NORTH CENTER — If you're going to drink Malört — an alcohol so repulsive there's a Facebook page devoted to the grimaces people make when first tasting the stuff — you might as well down it at the newly crowned Best Malört Bar in Chicago.
High-Hat Club, 1920 W. Irving Park Road, earned the title in August, taking home the top prize in Jeppson's inaugural best bar contest. A massive get-out-the-vote effort saw the tiny, year-old North Center bar emerge victorious over larger, more-established pubs.
"We're a new joint, but people who dig the joint really dig the joint," High-Hat owner Michael Polino, 31, said of his loyal ballot stuffers.
Michael Polino, owner of High-Hat Club. [All photos DNAinfo/Patty Wetli]
To celebrate the win, Polino just got himself inked with the Malört logo — "It's the only brand I would ever put on my body" — and is throwing a party at High-Hat Tuesday night, complete with $3 Malört shots and a $5 Malört/Hamms chaser combo. Those looking for a more sophisticated way to toast the auspicious occasion can order High-Hat's signature Malört cocktail, Death All the Time, which features pernod, champagne, pomegranate molasses and burlesque bitters.
To coat the stomach, look for Malört twists on High-Hat's regular Italian-Creole menu items.
At some point during the night, Polino will be awarded the Carl Cup (named for Jeppson's founder Carl Jeppson), which resembles the Stanley Cup in no way other than it will be passed each year from best Malört bar to best Malört bar.
Malört, for the uninitiated, is sold only in Chicago (but is made in Florida). The key ingredient of the Swedish-style liquor is wormwood — Malört is Swedish for wormwood — which is what gives the stuff its distinctively nasty taste.
Lest one get the impression that things at High-Hat are all Malört all the time, Polino has also programmed the evening with entertainment more indicative of the bar's usual vibe.
Sean Flannery will lead a Malört-themed version of The Blackout Diaries comedy show, some folks from Paper Machete are scheduled to drop by, and singer Mike Maimone — who Polino described as "very Tom Waits-y" — will join High-Hat Second Line, the bar's Tuesday night New Orleans-style house band, for what's sure to be a foot-stomping set.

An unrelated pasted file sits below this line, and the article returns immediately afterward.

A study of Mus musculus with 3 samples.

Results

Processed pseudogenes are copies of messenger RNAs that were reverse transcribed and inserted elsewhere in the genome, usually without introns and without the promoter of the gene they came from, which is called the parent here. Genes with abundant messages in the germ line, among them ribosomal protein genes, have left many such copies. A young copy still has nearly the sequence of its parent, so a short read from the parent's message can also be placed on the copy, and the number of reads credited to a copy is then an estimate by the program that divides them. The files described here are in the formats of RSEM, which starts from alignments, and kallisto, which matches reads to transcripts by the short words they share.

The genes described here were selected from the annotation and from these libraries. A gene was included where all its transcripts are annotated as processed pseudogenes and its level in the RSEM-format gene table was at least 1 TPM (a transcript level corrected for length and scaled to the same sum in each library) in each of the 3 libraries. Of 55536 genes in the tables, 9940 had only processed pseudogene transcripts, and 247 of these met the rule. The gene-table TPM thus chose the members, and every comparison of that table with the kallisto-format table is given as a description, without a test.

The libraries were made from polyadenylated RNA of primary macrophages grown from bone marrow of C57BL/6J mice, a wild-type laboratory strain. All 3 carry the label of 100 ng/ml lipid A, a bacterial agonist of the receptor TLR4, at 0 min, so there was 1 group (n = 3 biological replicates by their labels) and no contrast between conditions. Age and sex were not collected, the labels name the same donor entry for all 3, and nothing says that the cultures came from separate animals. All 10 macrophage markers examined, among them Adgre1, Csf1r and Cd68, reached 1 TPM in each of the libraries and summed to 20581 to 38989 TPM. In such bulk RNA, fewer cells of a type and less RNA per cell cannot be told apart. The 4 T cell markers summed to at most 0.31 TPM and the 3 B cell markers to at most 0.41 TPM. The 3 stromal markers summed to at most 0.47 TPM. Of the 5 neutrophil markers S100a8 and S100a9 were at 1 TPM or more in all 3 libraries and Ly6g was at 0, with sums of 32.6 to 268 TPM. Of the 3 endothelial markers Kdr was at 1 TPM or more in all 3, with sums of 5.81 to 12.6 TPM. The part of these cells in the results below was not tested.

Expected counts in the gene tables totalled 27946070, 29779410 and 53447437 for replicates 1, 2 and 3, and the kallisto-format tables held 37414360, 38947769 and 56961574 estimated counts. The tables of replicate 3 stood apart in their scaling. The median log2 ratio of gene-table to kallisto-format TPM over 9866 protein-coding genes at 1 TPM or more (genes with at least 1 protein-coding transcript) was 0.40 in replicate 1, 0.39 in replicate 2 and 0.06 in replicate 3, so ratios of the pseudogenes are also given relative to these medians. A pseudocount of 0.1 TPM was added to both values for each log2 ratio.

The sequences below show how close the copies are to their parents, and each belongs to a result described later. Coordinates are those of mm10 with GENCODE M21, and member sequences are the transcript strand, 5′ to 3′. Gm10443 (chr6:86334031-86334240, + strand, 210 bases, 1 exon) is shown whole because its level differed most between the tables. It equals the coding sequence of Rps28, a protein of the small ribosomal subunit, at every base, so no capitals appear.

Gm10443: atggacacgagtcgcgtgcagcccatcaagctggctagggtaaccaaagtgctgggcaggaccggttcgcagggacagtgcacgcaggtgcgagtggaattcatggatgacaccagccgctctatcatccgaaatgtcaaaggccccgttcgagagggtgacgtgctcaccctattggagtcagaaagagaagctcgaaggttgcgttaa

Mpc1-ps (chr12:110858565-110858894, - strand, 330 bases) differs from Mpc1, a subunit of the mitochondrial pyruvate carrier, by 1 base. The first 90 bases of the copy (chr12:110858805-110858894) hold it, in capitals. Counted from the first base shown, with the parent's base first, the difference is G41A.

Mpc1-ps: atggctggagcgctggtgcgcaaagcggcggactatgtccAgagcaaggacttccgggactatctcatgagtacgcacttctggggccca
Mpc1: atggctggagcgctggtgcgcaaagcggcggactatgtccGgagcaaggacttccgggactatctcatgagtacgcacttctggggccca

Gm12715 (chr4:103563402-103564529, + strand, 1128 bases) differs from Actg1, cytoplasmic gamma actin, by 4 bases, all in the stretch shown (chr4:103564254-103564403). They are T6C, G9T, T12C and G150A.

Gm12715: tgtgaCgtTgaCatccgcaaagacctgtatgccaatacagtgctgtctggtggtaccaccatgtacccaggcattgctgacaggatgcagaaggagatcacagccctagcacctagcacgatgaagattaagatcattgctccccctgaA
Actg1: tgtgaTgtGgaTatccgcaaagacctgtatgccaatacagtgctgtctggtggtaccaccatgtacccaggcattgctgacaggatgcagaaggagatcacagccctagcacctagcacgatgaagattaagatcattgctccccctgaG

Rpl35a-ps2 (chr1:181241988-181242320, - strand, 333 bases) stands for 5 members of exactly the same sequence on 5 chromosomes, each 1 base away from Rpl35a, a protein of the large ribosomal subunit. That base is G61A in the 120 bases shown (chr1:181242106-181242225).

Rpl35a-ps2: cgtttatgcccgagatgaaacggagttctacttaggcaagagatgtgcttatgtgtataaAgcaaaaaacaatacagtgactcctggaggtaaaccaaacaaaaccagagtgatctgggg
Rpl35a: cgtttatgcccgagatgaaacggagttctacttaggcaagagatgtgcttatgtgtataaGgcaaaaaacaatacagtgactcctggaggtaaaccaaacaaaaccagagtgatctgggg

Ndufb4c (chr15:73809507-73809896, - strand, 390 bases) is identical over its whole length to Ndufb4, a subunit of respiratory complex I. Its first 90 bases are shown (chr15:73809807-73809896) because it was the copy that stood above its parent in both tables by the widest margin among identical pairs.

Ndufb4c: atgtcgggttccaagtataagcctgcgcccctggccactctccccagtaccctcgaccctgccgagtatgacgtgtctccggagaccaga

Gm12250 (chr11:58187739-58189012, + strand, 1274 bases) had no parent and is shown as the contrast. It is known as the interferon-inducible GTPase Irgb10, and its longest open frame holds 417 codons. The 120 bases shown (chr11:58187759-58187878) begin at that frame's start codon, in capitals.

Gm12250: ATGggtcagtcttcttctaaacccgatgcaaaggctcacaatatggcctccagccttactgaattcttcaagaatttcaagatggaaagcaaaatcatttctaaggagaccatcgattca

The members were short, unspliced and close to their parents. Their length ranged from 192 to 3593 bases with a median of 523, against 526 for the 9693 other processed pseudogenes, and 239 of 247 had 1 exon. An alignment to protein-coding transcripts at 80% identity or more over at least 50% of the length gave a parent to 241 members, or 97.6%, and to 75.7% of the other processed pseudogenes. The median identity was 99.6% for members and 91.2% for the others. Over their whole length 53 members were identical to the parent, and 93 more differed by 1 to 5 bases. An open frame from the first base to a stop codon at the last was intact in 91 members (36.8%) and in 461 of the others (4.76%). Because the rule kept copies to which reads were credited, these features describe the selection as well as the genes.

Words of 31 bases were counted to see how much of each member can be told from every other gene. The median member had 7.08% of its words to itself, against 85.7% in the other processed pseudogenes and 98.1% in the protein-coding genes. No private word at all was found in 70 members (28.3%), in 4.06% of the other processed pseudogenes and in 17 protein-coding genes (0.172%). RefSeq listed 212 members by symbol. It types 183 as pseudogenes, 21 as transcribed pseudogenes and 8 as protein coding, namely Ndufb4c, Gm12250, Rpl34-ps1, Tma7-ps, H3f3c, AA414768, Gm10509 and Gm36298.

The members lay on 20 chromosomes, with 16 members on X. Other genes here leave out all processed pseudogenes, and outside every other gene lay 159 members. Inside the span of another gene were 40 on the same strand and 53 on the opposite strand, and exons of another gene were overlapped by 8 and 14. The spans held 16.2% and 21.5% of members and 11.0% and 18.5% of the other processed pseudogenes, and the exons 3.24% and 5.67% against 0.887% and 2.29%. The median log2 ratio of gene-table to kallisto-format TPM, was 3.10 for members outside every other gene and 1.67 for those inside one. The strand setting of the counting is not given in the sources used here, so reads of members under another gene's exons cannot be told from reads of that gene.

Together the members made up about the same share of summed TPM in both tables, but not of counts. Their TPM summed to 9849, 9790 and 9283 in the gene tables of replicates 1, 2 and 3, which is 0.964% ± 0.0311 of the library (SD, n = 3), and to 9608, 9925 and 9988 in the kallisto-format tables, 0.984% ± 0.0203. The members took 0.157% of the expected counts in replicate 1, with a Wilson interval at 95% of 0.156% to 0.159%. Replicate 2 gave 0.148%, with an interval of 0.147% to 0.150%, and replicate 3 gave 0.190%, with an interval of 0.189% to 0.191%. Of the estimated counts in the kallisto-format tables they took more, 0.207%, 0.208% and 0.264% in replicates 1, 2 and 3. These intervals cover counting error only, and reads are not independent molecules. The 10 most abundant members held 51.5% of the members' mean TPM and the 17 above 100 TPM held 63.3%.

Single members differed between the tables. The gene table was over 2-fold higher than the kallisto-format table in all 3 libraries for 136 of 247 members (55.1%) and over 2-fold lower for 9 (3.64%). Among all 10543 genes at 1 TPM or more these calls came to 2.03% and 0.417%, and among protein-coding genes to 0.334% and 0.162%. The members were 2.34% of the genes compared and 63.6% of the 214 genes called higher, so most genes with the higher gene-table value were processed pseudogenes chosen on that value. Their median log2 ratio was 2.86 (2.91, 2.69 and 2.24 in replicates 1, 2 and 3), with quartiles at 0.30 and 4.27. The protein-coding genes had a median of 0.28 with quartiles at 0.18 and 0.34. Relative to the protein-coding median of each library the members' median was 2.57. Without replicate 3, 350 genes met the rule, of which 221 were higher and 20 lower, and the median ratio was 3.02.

"It will be the full High-Hat experience," Polino said.
If the buzz surrounding the Malört bash gets newcomers in the door, Polino is hopeful that High-Hat's authentic atmosphere will keep them coming back.
"We're not a fake speakeasy, we didn't mail order an Irish pub," he said.
High-Hat's emphasis on live performances is a holdover from the storefront's former incarnation as popular jazz bar Katerina's, where Polino, a Green Mill veteran, worked for owner Katerina Carson.
"She called me out of the blue and said, 'You want to buy a bar?'" Polino recalled. "I said, 'Sure.'"
With High-Hat, he's aiming to not only provide an alternative to the neighborhood's many sports bars (there are no TVs in the club) but also to hit the sweet spot between pretentious cocktail lounge and dive bar.
Customers should feel as comfortable ordering a Tecate as a Sazerac, and if they're not sure what the latter is, Polino wants High-Hat to be the sort of place where "you can learn something and not be treated like a jerk."
For Polino, Malört, particularly before it became a "hipster phenomenon," symbolized the divide between a genuine Chicago joint and pretenders run by stockbrokers looking for a hobby — its presence behind the bar serving as a sort of secret handshake among the city's true boozehounds.
As for its reputation as the mother of all rot guts, Polino said Malört is unfairly maligned.
"If you can handle bitter things," he said, "you can handle it."
High-Hat's Malört party kicks off at 8 p.m. and runs until closing at 2 a.m.